Bernera bridgeBerneray:  ey, island; bjarnar, gen. of bjorn, a bear, a common Icelandic personal name. The Gaelic for bear is mathon, sound is maon, but Anglecised Matheson. This is one of the very few personal names that crop up in Lewis toponomy. (Placenames of Lewis and Harris by D Maciver F.E.I.S)

The Island of Great Bernera is reached by a road bridge, opened in 1953. It is called Great to differentiate it from Little Bernera, the smaller island to the North, It lies within Loch Roag, a large sea loch which is sheltered from the worst of weather and offers safer anchorages for boats. Bernera is roughly 5 miles long and 3 miles wide. The land is divided into crofts, in-bye and common grazing. The crofts vary in size from 5-49 acres. The island and its outlying islands comprise the Bernera Estate.

The District of Bernera includes the villages on the south side of the bridge, Earshader, Crulivig, Lundale and Linshader. This area is known as Tir Mor (mainland) and is part of the Grimersta Estate, which is owned by a fishing syndicate. At one time the Grimersta river was the finest for salmon fishing in Scotland, and employed many local people as ghillies.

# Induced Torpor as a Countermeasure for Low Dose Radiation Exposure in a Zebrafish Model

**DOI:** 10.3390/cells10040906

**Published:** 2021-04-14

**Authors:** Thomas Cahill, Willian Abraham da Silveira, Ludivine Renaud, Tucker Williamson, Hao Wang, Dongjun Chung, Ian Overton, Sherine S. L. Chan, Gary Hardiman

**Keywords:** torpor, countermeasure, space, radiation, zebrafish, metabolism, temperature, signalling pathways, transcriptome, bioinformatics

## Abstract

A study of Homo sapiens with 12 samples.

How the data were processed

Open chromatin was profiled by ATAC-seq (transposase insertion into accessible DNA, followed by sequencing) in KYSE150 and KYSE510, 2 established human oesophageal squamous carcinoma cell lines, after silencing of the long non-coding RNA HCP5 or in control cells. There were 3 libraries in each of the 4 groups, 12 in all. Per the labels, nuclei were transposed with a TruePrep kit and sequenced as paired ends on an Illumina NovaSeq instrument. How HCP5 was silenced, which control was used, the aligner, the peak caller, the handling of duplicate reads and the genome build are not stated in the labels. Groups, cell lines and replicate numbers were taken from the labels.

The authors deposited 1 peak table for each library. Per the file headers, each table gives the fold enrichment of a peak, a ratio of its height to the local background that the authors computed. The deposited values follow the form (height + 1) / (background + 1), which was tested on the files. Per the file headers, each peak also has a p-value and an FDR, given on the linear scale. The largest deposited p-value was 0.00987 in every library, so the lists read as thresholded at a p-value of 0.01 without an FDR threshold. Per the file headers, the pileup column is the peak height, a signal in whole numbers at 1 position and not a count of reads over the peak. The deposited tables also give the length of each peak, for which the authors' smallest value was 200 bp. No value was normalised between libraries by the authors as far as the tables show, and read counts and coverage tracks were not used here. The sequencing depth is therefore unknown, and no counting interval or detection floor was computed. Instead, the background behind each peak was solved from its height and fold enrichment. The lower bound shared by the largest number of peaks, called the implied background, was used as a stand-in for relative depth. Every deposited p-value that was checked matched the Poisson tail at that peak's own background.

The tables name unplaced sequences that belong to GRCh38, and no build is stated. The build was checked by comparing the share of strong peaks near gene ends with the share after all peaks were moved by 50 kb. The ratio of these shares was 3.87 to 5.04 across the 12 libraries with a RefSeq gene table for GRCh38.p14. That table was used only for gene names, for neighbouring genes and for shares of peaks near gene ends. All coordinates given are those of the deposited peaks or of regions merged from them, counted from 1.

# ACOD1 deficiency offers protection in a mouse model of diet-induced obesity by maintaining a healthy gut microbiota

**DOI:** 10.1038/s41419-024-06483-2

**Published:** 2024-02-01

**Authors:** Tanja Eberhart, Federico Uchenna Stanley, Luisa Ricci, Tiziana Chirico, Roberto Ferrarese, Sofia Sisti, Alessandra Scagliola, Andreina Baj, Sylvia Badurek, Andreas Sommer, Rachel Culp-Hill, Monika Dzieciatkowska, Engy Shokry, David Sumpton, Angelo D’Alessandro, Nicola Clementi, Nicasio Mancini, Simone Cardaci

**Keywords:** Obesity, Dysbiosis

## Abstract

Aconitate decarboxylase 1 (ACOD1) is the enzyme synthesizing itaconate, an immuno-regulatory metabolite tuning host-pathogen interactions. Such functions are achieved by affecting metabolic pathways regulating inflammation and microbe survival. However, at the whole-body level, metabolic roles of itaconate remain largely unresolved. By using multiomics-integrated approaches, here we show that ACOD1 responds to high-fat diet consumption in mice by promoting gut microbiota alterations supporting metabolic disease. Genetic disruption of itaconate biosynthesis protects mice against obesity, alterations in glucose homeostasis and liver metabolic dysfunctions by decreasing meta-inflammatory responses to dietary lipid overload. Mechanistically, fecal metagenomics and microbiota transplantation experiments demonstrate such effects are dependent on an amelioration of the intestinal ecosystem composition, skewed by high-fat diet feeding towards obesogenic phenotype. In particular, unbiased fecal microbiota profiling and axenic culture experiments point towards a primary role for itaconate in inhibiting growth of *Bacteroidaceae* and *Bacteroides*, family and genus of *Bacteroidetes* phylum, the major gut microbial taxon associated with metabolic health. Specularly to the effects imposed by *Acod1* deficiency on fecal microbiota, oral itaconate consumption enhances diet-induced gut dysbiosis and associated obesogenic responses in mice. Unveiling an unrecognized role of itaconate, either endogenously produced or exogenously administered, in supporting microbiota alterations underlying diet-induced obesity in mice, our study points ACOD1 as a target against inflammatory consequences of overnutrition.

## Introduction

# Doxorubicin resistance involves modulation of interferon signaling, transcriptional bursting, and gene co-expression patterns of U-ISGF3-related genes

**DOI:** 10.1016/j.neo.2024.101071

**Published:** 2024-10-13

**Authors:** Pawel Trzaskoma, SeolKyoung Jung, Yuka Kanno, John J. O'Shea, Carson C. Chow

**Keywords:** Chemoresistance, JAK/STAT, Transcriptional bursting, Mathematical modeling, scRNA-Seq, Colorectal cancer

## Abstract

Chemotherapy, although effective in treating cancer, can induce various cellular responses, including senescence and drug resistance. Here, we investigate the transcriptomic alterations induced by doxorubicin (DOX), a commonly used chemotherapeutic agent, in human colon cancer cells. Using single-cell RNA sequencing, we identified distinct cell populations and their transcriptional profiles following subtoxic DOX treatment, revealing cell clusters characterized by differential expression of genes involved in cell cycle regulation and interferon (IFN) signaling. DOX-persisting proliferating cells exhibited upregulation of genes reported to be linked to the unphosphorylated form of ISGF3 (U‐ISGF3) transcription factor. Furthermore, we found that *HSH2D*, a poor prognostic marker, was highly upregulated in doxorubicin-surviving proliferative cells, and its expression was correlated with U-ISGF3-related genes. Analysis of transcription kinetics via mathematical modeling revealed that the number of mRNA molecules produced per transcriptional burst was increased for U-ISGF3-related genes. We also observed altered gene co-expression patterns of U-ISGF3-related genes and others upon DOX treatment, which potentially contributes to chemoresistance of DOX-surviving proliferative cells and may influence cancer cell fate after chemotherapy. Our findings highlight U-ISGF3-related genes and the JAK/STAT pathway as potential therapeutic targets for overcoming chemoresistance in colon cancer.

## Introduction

There are 5 townships within Bernera – Hacklete, Breaclete, Kirkibost, Tobson and Croir.

The population is now about 300, but at the time of the 1891 Census it was over 600. There have been periods of extensive emigration, some enforced by the landowners, and some by economic necessity.

Bernera is unusual in Lewis in having many stone boundary walls or dykes. These were often built by local people on the order of the Ground Officer and usually to his advantage rather than to the ordinary people and their payment would often be in kind, perhaps a bag of oatmeal.

Although Bernera has been connected to the mainland of Lewis by a road bridge since 1953, it still retains the character of a small island. It contains examples of all the attractions of its larger neighbour, standing stones, duns, the Norse mill, beaches, hills and moorland, but on a more accessible scale and the hills are only a gentle climb.